According to the dictionary, a story is a "narrative, either true or fictitious, in prose or verse that is designed to interest, amuse or instruct a listener or reader." It is essentially a series of events told from a point of view and where the audience also plays a role in its function. A story cannot be a story without these key ingredients, though the variety of these ingredients are what makes the world of story a vast and beautiful one.
When "story" is broken down for study by writers and readers of story, the elements are often described as follows: Point-Of-View (Narrator), Character, and Plot. Now, there is much more to the study of narrative that I'm not including here, like theme and symbolism and use of language, but I want to focus on these three items because they are what remains essential to story. Without any one of the three, Point-Of-View, Character(s) or Plot, the story or the root of the narrative begins to fall apart.
In order for the listener or reader to understand the story being told, they have to be introduced to the character or characters by the narrator. It is also the narrator's responsibility to build the world that the characters live in and possibly drop some helpful hints to the audience as to why things are the way they are in this story's world. So the writer's first task is to determine the best narrative voice that will tell the story while they write. Why must it be the best? Because to fall short in this aspect allows for misunderstanding and misinterpretation, which will inevitably disengage the audience from the story.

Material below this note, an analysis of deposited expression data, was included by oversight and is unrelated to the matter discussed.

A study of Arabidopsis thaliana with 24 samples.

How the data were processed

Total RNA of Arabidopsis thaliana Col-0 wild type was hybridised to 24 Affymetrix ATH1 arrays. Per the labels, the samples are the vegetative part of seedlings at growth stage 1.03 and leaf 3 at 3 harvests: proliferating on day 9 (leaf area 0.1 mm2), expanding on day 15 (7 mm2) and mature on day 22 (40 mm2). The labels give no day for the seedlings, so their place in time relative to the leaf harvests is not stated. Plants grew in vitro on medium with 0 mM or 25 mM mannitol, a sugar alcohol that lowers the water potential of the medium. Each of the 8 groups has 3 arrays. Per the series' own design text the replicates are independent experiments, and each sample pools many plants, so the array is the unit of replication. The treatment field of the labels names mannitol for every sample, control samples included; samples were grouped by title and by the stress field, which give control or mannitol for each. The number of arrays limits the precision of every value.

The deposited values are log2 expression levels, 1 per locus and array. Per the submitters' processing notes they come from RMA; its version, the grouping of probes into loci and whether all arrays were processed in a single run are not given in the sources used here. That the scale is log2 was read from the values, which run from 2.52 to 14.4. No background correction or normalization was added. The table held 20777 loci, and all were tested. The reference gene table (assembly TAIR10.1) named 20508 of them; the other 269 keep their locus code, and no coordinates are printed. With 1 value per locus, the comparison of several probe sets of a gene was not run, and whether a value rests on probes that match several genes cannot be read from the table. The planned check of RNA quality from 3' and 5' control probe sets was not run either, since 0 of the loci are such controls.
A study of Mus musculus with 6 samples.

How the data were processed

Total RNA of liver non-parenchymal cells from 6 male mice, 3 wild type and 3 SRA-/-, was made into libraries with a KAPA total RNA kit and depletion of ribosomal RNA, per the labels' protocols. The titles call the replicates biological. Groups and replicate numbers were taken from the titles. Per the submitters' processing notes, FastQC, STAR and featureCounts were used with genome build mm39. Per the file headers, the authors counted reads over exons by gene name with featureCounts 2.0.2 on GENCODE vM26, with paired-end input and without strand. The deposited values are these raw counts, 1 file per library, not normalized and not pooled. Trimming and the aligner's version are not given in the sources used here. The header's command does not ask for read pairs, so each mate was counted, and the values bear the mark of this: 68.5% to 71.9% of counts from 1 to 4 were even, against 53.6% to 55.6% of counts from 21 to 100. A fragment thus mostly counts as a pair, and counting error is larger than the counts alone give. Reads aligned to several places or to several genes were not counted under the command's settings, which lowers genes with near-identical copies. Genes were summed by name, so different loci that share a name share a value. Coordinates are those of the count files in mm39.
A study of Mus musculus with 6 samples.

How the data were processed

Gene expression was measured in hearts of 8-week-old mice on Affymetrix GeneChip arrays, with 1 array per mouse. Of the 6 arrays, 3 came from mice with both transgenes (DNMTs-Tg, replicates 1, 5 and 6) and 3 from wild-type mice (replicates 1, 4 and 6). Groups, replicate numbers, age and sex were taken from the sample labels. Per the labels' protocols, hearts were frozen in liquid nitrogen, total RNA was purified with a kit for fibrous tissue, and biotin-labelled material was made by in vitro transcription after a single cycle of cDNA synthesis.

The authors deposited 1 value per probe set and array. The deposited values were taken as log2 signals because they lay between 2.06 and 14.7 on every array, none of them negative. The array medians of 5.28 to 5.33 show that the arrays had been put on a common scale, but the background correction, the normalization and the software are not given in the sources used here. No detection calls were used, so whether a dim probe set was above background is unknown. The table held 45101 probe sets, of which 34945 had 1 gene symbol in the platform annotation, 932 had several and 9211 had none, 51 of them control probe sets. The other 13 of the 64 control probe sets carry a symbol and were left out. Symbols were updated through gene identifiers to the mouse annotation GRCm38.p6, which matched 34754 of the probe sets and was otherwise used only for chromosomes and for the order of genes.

Some writers will argue that story is all about the character. That everything should be subservient to the character - particularly a character who is also the narrator - and that the plot should follow. Characters help to set the mood of the story, especially if they have a heavy role as a narrator, and they also help the reader to understand and become part of the story as a sort of empathetic viewer. This is the great magic of story and indeed the part that most readers fall in love with in the beginning. Characters can actually transform our view of our own world in this way. However, if the character does nothing but chat with other characters and show the reader around the elaborate set of their "world," the story always falls flat. Things must happen in order to move the narrative and thereby give the story meaning.
This is where plot comes into play. Stories that lack plot, or rather fall short in its development, are often very poor in other aspects like narrative voice and character development. Plot is the driving force behind story. It is the reason why the characters have a story to begin with - otherwise they're just little cardboard cut-outs bouncing along a painted background (probably not even bouncing for that matter). Without plot, a character has no where to go and nothing to do. Which doesn't sound like a very exciting thing to read. Plot therefore gives the character a goal to accomplish, somewhere where they have to end up in the end. Plot can be simple or complicated, borrowed or blended, but it should always have a beginning, middle and an end. It doesn't have to start at the true beginning and it doesn't have to follow any rules. It's life - things happen.
The most beautiful and meaningful stories have solid roots in these three aspects of narrative. They do not get caught up in their own clever use of language or descriptions of character or scenery. All of that is just extra bits added on to entice a demographic to pick up a book - not to tell a story. A good story is universal in its understanding, and a great story will always stand the test of time.